I’m sure most, if not all of us, have driven on a toll road at some point, or even drive on one every single day. Our new facility is directly off a major toll road here in Central Florida, which many Media 1 employees and clients travel daily to get to our new shop.
It just so happens that one of our clients is the Central Florida Expressway Authority (CFX). Since their 2014 inception, we have produced signage for their headquarters, wrapped their 15-person conference dais in 3M DI-NOC wood grain vinyl and installed many DOT overhead guide signs along their expansive spiderweb of roadways in Central Florida.
CFX is responsible for the construction, maintenance and operation of about 940 miles of roadway, 335 bridges, 69 interchanges and 14 mainline toll plazas. This entire system is supported by tolls; no taxes of any kind fund CFX operations. On average, more than a million toll transactions are recorded every day, and 80% of those are collected electronically.
But what about the remaining 20%? Well, those tolls are still being hand-collected by employees sitting in those big stainless-steel toll booths lined across the expressway every so-many miles. Toll amounts at each plaza vary from $0.50 to $3.00 for a two-axle vehicle, but overall, you can figure paying an average of $0.16 per mile. But here’s the thing about those stainless booths: They’re old. The purple and orange stripes stretched across them look even older, obviously faded, cracked, peeling and are mostly an eyesore now. In a trailblazing move, CFX decided to renovate the existing booths, and contacted Media 1 to help accomplish the task.
I never thought about it, but these booths get straight filthy. You all know how hard it is to get your kids’ pawprints off your “stainless” refrigerator? Imagine the road grime, grease and rain sludge those million cars spatter onto those booths every day! Stainless is difficult, if not impossible, to get a streak-free, clean finish on, even with regularly scheduled pressure washing. But you know what’s easier to clean than stainless steel? 3M wrap vinyl.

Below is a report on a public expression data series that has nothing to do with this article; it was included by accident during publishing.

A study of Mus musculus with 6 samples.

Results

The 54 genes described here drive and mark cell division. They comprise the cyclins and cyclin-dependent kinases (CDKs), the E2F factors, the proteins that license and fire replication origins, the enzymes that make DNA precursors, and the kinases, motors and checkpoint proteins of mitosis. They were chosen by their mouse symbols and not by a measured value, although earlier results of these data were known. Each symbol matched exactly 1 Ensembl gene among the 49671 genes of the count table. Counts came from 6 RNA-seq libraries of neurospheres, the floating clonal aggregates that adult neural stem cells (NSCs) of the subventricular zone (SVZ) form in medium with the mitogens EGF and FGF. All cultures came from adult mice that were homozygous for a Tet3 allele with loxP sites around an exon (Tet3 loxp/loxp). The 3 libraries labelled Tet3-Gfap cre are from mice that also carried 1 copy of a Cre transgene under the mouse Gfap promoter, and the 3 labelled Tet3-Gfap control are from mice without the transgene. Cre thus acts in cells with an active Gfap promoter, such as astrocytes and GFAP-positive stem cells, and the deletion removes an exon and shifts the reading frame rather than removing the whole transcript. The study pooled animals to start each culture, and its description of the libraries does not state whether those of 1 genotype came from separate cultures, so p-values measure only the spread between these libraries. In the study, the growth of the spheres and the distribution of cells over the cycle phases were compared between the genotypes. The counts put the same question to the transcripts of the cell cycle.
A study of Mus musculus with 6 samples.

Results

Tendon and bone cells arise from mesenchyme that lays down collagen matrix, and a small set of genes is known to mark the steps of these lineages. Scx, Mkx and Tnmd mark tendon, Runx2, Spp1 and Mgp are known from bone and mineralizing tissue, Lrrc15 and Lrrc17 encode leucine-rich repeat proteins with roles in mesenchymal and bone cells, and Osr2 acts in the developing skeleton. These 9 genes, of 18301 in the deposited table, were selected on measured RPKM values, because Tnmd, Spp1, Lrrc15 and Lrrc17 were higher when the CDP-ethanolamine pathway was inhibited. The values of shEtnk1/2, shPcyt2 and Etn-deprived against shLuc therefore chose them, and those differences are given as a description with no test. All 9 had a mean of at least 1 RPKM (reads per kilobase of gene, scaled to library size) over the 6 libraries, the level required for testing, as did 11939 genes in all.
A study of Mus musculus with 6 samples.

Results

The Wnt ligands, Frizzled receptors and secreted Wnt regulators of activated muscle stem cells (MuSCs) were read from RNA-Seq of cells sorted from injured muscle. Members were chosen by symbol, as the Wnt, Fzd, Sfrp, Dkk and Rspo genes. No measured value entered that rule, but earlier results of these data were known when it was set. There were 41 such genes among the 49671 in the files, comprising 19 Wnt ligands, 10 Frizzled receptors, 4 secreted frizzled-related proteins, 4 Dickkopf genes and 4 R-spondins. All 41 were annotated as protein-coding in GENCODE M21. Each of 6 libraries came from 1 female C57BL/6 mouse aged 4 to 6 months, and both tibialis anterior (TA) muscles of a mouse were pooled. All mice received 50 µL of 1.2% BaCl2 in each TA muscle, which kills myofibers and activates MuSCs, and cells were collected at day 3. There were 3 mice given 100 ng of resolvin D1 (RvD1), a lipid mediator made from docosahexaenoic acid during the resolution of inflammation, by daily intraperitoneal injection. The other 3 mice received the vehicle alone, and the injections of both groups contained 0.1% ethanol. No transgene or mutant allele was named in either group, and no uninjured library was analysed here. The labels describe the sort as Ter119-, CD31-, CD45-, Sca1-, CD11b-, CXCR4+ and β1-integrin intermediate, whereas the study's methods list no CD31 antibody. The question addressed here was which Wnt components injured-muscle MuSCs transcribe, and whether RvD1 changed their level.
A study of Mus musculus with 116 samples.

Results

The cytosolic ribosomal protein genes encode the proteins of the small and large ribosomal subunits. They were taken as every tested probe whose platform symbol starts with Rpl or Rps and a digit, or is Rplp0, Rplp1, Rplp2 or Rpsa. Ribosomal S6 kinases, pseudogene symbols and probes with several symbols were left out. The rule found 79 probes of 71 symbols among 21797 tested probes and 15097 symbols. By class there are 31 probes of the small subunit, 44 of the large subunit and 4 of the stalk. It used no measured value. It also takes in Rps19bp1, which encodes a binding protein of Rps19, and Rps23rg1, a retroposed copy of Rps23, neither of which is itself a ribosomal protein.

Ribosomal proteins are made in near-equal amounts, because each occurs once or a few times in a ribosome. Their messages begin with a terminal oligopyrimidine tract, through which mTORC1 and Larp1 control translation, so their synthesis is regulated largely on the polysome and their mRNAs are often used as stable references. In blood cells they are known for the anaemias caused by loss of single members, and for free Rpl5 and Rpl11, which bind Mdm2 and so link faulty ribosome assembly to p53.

Enter the idea of wrapping the toll booths. Has anyone done this before? I know we have never seen it done, but if executed properly, wraps would eliminate the high-pressure power-washing CFX has been doing, and replace it with car-wash brushing using soap, then finishing with a nice, light, water rinse (just like washing your Corvette). And if ease of cleaning is one of the goals, why can’t another be a bit of advertising? That’s exactly what CFX thought, too.
For the 2017 football season, CFX launched its first branded E-PASS partnership with the University of Central Florida (UCF). The KnightPass essentially works the same way as a conventional E-PASS program (a prepaid and reloadable toll account) that allows full-speed toll booth fly-bys. Your account offers exclusive toll discounts and is accepted throughout Florida, Georgia and North Carolina. Plus, you get to display your Black and Gold UCF team spirit right on your windshield! (CFX also offers a GatorPass and NolePass for the University of Florida and Florida State University, respectively.)
Of course, what better avenue to advertise this program than wrapping the actual booths their target market is pulling up and stopping at every day? Utilizing artwork CFX designed in partnership with UCF, Media 1 was hired to kick the project off with 14 toll booths. We wrapped six at state Route 417 and University Blvd., and eight at state Route 408 and Dean Rd., both plazas being close to the school.
We printed on a special 3M film made for stainless-steel applications: IJ180-10SLS. This permanent-adhesive, air-release film with a special layer shields environmental elements from getting to the stainless steel that would cause oxidation under the film. Each booth consumed 220 sq. ft. of vinyl, including 3M Scotchcal Perforated Window Film IJ67. CFX pressure-washed each booth before we arrived, and our “Wrap This” team of four installers applied a wrap to one booth each night from 7-10 p.m. Battling severe summer storms, sweltering Florida heat and drivers who didn’t always pay attention to the orange lane-closure cones (!), they tirelessly wrapped three to four booths a week for a full month, while continually keeping up with our regular workflow of 70 vehicles per month. These guys are beasts! The wraps made such a beautiful impact, we’re in talks to initiate a program to wrap them all – 270 booths to be exact. Any wrap folks out there want to join our crew?
It’s not often you see toll booths being wrapped, is it?